The passenger, Ronald Tigner, a Houston lawyer, is suing United and two of its employees for more than $1 million, alleging negligence in the incident that took place July 21, 2015, at George Bush Intercontinental Airport in Houston.
In response to the video, United released a statement to KPRC saying it is “disturbed by the completely unacceptable behavior shown in a video of a customer and a former United employee.” The employee is no longer with the company, according to the statement.
“The actions shown here do not reflect our core values or our commitment to treat all of our customers with respect and dignity,” United’s statement read. “We are reviewing all circumstances surrounding this incident and reaching out to our customer through his attorney to profusely apologize for what occurred and to make this right.”
The encounter began when Tigner received a boarding pass that was illegible. He made “numerous attempts” to ask for a reprinted pass, but United agents denied him one, according to the lawsuit.
He was told to continue on to the security checkpoint, where Transportation Security Administration authorities refused to let Tigner enter because of his poorly printed pass.
So Tigner went back to the United ticketing area and tried once more to get a new ticket, the lawsuit states. Two United employees, Alejandro Anastasia and Ianthe Phillips-Allred, allegedly refused to help Tigner, laughing and cursing at him, the lawsuit states.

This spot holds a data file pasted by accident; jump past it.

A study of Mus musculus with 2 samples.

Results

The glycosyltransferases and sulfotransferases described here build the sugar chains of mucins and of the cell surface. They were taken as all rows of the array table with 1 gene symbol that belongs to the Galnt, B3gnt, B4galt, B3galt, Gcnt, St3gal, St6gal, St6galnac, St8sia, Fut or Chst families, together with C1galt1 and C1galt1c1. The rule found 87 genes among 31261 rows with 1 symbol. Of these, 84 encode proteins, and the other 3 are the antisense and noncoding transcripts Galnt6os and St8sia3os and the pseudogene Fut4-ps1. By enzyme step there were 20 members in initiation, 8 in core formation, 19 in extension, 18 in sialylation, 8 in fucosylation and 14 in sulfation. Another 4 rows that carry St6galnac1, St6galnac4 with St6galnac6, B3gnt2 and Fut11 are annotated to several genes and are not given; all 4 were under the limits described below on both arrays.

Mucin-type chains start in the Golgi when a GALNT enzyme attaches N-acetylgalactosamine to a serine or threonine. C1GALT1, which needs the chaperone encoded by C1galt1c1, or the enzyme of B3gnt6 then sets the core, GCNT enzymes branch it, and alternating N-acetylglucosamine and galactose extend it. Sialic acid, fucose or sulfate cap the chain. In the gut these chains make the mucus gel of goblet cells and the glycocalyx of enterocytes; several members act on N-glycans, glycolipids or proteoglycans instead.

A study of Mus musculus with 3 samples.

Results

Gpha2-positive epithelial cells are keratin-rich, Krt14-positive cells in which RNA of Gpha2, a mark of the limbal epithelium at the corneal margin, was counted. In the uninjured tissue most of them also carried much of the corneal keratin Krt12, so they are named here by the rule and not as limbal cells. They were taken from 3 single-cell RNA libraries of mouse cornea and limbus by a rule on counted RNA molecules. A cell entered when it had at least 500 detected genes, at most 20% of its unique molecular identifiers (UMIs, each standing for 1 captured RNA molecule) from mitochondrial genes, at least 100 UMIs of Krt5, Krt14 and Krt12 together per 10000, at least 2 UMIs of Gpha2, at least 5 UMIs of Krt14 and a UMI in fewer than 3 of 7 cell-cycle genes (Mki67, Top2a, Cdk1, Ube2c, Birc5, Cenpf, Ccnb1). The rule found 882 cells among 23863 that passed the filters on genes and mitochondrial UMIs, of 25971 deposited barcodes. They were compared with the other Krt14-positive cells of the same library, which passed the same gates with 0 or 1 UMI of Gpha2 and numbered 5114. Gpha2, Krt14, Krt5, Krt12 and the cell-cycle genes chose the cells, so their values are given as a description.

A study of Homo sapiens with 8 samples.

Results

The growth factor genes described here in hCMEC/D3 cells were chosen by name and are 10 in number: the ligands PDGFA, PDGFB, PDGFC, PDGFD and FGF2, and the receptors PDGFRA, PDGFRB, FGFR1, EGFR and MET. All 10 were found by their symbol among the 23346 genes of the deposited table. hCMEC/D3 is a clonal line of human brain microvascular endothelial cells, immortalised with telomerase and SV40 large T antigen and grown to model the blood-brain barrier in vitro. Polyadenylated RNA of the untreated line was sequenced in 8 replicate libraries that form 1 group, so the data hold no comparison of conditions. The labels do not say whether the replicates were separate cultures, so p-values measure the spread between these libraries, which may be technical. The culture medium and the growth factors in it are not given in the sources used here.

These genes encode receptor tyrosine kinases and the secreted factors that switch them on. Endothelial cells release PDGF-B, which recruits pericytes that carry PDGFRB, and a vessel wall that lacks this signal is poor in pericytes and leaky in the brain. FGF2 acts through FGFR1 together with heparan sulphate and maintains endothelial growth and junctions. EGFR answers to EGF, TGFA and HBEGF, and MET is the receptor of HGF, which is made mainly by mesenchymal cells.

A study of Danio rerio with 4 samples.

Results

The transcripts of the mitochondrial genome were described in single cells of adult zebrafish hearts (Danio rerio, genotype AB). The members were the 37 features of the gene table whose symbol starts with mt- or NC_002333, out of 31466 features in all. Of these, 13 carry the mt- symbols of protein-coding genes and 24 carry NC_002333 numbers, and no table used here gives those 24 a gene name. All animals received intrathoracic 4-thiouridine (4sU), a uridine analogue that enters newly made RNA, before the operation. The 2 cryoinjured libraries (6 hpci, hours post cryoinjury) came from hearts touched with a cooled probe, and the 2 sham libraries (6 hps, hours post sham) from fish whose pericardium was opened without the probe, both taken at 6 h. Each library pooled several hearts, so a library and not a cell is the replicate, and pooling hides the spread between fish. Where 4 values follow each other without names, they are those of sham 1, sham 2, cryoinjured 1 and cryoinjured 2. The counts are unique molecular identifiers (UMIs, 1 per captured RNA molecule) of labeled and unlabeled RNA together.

Tigner’s attorney, William Hoke, told KPRC that when Tigner asked Anastasia for a new ticket, he replied with a smile, saying, “Can’t you see I’m busy?”
Tigner then told Anastasia to “wipe that smile off your face,” Hoke said, to which Anastasia responded with an obscenity.
Then, Anastasia “suddenly, unexpectedly and violently injured” Tigner, the lawsuit alleges.
Surveillance video shows the United employee checking his watch, turning toward Tigner and pushing him to the floor. Tigner remains there motionless on his back, his legs and arms spread out. Meanwhile, a couple of people who appear to be airline employees stand near Tigner.
But for about 50 seconds, no one appears to bend down to help Tigner, until a woman — identified by Tigner’s lawyer as a flight passenger and nurse — walks over to check on him.
A United employee later called 911, telling the operator, “There’s a 70 year old male that had fallen down,” according to a 911 call published by KPRC. When the operator asked the employee what caused the fall and if the man was awake, the caller said he did not know.
Anastasia was later charged with a felony of injuring an elderly individual, KPRC reported. He was fined and ordered to attend anger-management classes and apologize to Tigner.
The lawsuit alleges the confrontation caused Tigner to sustain “severe personal injuries and damages,” and incur medical expenses and lost wages. It says the altercation left him with “physical disfigurement” and caused him to experience “mental anguish.”
It also says that nothing Tigner did or failed to do “caused or contributed to the incident.”
The lawsuit follows a number of high-profile controversies involving United, and the airline industry as a whole. In April, Dao refused to give up his seat on an overbooked United flight and was dragged off bloodied and limp, to the disgust of other passengers who captured it on video. Dao suffered a concussion, broken nose and two missing teeth, among other injuries, The Washington Post reported.
Since then, other airlines have come under fire for kicking a family off a flight due to a dispute over a birthday cake and booting a passenger from a plane for using a restroom.
One of the most recent confrontations also involved Houston-based United Airlines agents, who told Yennifer Correia she would have to check her 17th-century violin.
A “wrestling match” ensued, The Post reported, leaving Correia with an injured hand.